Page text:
By Sue Cocking, Guy Harvey Outpost staff writer email@example.com Help a dolphin paint a picture; get a stair-climbing workout like no other; eat great seafood; take a walk in the woods; light …
REEF Derby Makes Solid Impact on Lionfish in the Keys
Fourteen teams that braved last Saturday’s bumpy sea conditions to compete in Reef Environmental Education Foundation’s fifth winter lionfish derby in the Upper Keys managed to whack an impressive 420 of the candy-striped predators.
Eric Billips, owner of Islamorada Dive Center, and teammates Jack Whittle and Jeff Leonia speared 181 to take the top prize of $480. Billips said they hunted some coral ledges and artificial structure in depths of 70 to 135 feet.
“I’ve been hunting these things for ten years. We’re getting more in deeper depths on structure and what we’re seeing is bigger sizes,” Billips said. “I definitely think we are controlling the population, but they’ll never be eradicated.”
The largest lionfish weighed at Sharkey’s Pub & Galley Grill in Key Largo was nearly 18 inches by Team Ocean Divers. The smallest was 3 1/2 inches brought in by Team Lion Reapers.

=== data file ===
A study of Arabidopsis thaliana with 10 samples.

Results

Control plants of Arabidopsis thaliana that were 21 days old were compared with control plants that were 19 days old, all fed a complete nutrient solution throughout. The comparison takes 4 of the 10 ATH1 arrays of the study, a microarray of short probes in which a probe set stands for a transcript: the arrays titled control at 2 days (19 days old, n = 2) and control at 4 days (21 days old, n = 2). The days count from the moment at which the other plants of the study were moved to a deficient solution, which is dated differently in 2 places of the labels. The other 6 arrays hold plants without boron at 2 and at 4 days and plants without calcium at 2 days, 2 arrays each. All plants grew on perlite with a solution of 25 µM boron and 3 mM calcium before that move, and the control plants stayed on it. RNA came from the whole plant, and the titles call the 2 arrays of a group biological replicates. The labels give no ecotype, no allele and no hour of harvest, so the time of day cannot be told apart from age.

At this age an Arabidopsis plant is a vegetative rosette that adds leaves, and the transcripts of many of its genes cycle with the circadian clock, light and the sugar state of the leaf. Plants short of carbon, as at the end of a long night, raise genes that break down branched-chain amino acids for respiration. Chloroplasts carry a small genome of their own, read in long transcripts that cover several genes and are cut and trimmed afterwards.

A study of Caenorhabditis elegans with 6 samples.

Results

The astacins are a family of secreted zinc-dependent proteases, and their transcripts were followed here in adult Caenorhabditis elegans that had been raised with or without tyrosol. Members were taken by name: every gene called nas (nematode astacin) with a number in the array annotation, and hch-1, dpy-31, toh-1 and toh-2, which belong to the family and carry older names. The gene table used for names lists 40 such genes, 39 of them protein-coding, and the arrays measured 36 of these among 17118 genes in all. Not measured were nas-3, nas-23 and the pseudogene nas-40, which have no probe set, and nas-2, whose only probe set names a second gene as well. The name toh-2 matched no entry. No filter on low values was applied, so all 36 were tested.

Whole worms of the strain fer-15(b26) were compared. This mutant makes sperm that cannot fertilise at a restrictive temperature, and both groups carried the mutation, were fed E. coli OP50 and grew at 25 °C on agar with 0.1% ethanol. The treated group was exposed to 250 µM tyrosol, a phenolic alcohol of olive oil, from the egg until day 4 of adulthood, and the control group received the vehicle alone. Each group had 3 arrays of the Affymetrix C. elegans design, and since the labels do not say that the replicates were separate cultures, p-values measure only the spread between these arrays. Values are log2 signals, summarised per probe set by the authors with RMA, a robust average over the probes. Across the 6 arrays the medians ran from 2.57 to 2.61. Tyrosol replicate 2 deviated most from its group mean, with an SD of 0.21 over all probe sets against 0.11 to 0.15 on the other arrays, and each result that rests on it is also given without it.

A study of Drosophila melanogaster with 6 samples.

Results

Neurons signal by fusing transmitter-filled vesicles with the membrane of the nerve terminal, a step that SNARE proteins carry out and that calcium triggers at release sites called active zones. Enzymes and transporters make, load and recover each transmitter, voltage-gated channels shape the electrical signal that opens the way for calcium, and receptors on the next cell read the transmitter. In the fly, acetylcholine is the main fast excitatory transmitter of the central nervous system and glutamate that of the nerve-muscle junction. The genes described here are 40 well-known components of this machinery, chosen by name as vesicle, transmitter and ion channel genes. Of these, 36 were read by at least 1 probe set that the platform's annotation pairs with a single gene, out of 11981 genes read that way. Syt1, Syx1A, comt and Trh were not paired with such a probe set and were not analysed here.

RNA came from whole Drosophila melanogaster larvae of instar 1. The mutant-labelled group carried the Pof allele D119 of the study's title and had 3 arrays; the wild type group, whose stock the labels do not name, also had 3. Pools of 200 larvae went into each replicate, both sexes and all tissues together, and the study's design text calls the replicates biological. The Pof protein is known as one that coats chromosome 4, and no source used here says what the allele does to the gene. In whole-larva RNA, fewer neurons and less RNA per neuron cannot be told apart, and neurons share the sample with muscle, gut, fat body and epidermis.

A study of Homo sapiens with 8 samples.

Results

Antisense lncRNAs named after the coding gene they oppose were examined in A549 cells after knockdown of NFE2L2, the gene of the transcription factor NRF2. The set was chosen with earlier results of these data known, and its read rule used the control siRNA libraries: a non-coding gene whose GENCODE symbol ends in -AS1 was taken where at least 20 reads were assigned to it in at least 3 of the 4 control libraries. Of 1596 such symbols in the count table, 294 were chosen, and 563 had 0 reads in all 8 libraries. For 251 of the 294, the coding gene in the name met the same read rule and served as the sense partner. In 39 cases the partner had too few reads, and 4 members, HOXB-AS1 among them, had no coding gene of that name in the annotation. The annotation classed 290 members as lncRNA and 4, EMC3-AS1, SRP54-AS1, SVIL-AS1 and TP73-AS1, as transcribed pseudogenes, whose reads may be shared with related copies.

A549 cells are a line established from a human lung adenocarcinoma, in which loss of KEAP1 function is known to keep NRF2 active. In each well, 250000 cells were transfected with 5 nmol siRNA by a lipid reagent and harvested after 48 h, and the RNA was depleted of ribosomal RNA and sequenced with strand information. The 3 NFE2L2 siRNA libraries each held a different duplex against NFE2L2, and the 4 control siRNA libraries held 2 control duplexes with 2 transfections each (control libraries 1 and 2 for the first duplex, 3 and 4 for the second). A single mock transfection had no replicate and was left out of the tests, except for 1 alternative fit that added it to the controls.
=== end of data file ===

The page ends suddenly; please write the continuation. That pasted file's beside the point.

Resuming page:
Scores of onlookers attended the weigh-in festivities on Sharkey’s dock where the catch was counted, measured, sampled by scientists, and turned into tasty ceviche and fried nuggets for everyone to taste.
“REEF is letting me take the stomachs to analyze the contents to look at their feeding ecology,” said University of Pennsylvania student Courtney Lang. She added that, so far, scientists have documented 100 species that lionfish eat.
The invaders from the Indo Pacific with colorful fins and venomous spines were first discovered in South Florida in the 1980s– believed to be pets released from aquariums. They are prolific spawners that can live in depths from just a few inches to 1,000 feet and tolerate a range of salinity. They will eat just about anything, and have been blamed for decimating native fish populations on some local reef systems in the Atlantic, Caribbean and Gulf of Mexico.
Kathy Ilcken stood at a table at Saturday’s weigh-in to collect lionfish pectoral and tail fins for making jewelry. She displayed eye-catching necklaces and earrings that were snapped up by some onlookers. (Check out a how-to webinar at reef.org).
Lionfish hunting season is year-round in Florida, with almost no restrictions. High season for local derbies around the state is May through September. For a list of events and general lionfish information, visit the MyFWC web site.